Bees at Midnight is a compilation of reflections during Mother Diane’s twelve-week internship on a farm in Oregon while on her journey to becoming a priest. This collection of short stories captures her beautiful experience and candid musings. In the coming weeks we will share one short story each week.
Preface (9/19) | Rock Festival (9/26) | The Parade (10/3) | Seeds and Weeds 10/10 | Cockcrow (10/17) | Housecats and Barncats (10/24) | Bees at Midnight (10/31) | Fancy That (11/7) | Swimming Upstream (11/14)
“The Kingdom of Heaven is like treasure hidden in a field, which a man found and
covered up; then in his joy he goes and sells all that he has and buys that field. “
Most of the time Father John would wait until after Morning Prayer to
disclose where we would be working on the farm that day. So I was surprised when
at dinner one night, he volunteered that tomorrow morning we all would be going to
a “rock festival.” As it turned out the “rock festival” meant clearing stones out of the
pumpkin field so that he could cultivate it more easily. Now stones, I had learned
from one of the first books I had read during the summer, came in three sizes—
small, big, and bigger. Those distinctions, as I recall, were made in reference to
building stone fences. I mused over the size the rocks would turn out to be in the
I decided that the best way to approach the “rock festival” was to treat it like
a treasure hunt. The next morning out in the field, I announced, “The first one to
find a geode gets a free dinner!”. John promptly picked up a piece of granite and
said, ”Here it is. You owe me a dinner!” Well, if clearing rocks out of a field is a rock
festival, I suppose granite can be a geode too.
I did find two treasures in the field. The first was a rusted wrench. I claimed
it as my own; but Father John took it back in trust. He seemed to think it was the
one he had lost last summer or, rather, the one that the previous intern had lost last
summer. Several weeks later at Henry’s Garage Restaurant in Aumsville, I saw a
similar wrench mounted in a frame and hanging on the wall of the banquet room. I
turned to Father John and said I would like to have “my wrench” done similarly,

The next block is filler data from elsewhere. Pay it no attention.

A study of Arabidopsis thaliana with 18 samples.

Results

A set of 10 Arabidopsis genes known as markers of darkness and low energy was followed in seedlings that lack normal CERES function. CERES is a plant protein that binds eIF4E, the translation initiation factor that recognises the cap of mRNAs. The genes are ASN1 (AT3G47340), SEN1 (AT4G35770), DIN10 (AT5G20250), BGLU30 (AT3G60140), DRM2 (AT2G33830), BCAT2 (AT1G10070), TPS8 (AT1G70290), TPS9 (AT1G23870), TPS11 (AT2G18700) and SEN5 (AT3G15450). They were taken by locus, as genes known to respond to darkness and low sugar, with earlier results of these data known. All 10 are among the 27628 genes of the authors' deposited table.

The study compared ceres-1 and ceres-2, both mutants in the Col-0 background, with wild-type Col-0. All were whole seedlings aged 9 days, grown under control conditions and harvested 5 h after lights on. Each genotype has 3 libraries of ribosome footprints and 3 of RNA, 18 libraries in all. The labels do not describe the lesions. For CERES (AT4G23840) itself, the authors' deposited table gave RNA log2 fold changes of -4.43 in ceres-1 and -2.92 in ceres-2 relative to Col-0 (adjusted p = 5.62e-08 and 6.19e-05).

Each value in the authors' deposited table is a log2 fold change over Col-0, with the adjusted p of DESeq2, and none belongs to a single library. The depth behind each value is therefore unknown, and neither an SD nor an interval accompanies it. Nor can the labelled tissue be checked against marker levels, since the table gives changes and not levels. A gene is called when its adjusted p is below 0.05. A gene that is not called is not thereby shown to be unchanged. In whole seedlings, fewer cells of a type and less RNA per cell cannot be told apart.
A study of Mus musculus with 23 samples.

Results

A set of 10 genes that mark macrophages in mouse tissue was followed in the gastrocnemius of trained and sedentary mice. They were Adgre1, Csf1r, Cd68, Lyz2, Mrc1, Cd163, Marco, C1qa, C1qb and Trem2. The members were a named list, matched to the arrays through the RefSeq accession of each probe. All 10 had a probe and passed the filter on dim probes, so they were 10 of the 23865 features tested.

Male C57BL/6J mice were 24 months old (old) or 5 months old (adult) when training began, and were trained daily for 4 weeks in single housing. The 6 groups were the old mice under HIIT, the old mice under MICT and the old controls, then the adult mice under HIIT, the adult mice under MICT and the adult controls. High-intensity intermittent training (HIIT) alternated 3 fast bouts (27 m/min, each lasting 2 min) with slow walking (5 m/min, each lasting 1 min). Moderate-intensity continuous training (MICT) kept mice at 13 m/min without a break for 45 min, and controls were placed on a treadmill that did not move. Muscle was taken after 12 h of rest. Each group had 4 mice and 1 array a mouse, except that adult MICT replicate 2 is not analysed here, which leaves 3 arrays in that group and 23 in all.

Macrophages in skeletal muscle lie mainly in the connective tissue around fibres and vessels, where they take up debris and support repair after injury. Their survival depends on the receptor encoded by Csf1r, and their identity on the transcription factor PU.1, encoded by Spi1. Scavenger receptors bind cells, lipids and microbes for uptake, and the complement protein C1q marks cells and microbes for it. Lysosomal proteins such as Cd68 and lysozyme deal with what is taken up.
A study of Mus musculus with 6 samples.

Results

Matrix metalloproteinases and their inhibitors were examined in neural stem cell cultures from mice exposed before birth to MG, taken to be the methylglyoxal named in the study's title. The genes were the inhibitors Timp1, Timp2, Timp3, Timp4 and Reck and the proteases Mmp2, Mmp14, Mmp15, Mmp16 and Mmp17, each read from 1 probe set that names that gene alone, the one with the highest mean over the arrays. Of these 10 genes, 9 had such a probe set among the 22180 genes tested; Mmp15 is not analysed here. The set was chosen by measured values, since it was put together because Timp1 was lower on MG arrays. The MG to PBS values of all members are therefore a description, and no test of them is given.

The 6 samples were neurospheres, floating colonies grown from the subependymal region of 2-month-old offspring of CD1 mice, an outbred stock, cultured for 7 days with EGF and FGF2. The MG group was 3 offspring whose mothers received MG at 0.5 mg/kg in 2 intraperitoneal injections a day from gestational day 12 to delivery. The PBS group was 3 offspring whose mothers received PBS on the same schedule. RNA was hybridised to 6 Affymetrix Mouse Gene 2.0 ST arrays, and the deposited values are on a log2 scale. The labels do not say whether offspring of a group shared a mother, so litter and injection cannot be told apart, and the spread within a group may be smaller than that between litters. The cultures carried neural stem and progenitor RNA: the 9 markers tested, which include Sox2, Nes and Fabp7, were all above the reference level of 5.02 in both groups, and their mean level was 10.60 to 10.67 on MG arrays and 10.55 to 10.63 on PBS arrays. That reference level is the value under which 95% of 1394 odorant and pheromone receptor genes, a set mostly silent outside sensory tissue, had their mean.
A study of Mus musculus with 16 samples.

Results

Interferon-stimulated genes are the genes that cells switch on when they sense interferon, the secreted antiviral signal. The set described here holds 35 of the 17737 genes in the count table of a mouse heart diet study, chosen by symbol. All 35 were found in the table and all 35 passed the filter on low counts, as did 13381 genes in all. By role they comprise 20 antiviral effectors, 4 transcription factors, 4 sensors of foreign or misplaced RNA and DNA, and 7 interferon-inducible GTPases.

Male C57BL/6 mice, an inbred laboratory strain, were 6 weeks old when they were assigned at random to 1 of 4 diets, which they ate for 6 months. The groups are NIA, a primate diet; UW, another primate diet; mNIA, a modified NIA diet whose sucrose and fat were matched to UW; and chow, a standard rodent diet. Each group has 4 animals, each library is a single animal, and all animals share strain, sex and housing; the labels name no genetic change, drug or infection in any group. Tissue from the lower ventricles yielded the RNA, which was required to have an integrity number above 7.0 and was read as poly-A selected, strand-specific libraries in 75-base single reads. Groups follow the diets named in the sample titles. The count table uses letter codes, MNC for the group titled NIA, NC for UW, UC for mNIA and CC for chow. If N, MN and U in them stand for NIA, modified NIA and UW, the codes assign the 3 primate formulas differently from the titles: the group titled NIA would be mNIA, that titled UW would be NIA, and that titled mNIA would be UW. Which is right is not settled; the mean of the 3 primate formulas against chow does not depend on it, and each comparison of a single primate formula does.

since it had become a standard response that I would receive it at my ordination. He
looked at me rather sternly and said in effect that I was being too presumptuous.
The wrench is still riding unobtrusively behind the front seat of the truck. I know
that it has not been forgotten, at least by me, even though its symbolic significance is
not entirely manifest. Like so many things, it is a rather delightfully questionable
and ambiguous treasure. Perhaps it is simply the fact that it was found that makes it a treasure. God’s love for us is a little like that, we are lost and then we are found;
then God goes to such enormous lengths to make us useable. Amazing grace…that
saved a wrench like me!
I also found a bird’s nest in the field that day. It was lying on top of the
ground with three specked eggs in it. I moved it underneath the cottonwood tree
when we discerned that the eggs were cold and that it had been abandoned, I felt a
little sad about the nest. Silently I wondered about the instinct that allowed a
mother bird to build her nest right in the middle of a tractor path.
The morning did pass by like something of a game. We cleared away rocks
and more rocks, mainly big ones I would say. Where we worked that day the
cultivating was easier later in the week. I walked behind the tractor as John
cultivated the field, and I replanted baby pumpkin plants uprooted even in the
careful effort he made not to disturb them.
Perhaps because those 2.9 acres of pumpkins stood out visually in the draw
between the two oat fields, they seemed to take on the aura of the fields in Jesus’
parable. There are small pumpkins on those vines now. Some of them are even
beginning to turn gold at their base, like treasure hidden in a field.